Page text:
What Was in Zelikow’s 2005 Anti-Torture Memo?
The Judiciary subcommittee didn’t, ultimately, get a copy of Philip Zelikow’s 2005 memorandum opposing torture, written when he was counselor to the State Department. But in his opening statement — which the committee’s distributed but he he’s just started delivering — he provides a pretty big hint as to what he argued:
The issue is not whether the CIA program of extreme physical coercion produced useful intelligence; it is about its net value compared to the alternatives. And, even though the program might have some value against some prisoners, it has serious drawbacks just in the intelligence calculus, such as … constraints in getting the optimal team of interrogators … whether the program actually produces much of the time sensitive current intelligence that is one of its unique justifications; loss of intelligence from allies who fear becoming complicit in a program they abhor … poorer reliability of information obtained through torment; possible loss of opportunities to turn some captives into more effective and even cooperative informants; and problems in devising an end-game for the eventual trial or long-term disposition of the captives.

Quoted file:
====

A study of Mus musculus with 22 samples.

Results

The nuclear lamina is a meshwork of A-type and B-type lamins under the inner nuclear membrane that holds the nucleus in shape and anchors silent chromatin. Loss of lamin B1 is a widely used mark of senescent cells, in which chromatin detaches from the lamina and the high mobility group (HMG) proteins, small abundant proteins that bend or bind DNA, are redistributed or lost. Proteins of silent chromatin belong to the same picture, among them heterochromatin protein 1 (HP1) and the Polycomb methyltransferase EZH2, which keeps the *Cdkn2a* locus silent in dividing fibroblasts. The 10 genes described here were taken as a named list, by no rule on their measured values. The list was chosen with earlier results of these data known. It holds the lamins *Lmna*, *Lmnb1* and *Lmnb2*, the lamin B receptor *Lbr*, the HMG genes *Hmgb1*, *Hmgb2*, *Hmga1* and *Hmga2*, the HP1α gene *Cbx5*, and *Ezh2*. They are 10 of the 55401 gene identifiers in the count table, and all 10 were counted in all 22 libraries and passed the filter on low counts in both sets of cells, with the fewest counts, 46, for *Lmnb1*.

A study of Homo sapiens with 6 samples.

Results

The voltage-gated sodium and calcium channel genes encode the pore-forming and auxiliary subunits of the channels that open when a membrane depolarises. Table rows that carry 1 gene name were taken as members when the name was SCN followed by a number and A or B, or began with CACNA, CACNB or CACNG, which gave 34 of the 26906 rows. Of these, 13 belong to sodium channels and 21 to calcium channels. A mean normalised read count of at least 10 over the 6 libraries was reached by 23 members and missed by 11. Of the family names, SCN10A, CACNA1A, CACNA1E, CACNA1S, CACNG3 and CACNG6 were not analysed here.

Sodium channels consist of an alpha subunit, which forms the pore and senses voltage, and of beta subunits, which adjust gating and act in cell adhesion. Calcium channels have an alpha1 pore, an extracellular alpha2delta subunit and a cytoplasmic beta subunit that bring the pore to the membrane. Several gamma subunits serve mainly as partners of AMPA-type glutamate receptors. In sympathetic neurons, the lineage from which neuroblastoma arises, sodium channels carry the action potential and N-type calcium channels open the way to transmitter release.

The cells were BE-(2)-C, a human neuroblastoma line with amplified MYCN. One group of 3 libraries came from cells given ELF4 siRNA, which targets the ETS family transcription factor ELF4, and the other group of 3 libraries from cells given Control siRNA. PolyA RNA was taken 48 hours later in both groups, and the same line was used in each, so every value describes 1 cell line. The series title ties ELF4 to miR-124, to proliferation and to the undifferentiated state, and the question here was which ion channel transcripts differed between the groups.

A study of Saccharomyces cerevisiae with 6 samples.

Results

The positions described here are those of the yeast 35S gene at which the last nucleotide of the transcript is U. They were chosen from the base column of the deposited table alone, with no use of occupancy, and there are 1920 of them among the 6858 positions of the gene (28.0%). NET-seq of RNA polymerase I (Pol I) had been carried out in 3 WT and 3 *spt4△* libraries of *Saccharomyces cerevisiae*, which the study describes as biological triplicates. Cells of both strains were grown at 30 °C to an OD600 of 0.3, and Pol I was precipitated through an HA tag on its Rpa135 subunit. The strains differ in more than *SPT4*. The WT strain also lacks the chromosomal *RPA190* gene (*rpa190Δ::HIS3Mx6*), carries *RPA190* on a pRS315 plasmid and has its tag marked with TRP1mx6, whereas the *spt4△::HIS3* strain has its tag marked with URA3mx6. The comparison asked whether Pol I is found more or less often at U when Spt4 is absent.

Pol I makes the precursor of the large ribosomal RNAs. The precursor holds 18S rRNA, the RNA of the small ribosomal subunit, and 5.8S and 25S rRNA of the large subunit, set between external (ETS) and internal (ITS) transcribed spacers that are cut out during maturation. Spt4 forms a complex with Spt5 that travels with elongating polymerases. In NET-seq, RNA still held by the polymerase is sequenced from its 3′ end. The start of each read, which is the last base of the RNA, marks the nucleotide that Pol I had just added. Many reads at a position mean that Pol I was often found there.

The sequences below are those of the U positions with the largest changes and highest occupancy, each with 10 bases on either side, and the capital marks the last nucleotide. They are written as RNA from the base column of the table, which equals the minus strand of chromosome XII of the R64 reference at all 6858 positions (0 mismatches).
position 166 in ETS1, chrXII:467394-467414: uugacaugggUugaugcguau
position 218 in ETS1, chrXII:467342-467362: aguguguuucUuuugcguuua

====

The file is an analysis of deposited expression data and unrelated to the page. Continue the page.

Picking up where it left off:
Additionally, he says that the State Department under Secretary Condoleezza Rice in 2005 — who, as national security adviser in July 2002, gave the CIA the policy go-ahead to torture al-Qaeda detainee Abu Zubaydah before the Justice Department’s Office of Legal Counsel ruled on the legality of the proposed interrogation regime — urged reliance on a “cruel, inhuman and degrading” standard when considering what to allow in interrogation.
Last thing: Zelikow says the State Department is currently reviewing his 2005 memo for “possible declassification.” At last: confirmation that not all copies of the memo were destroyed by the Bush administration — and that the State Department actually has a copy.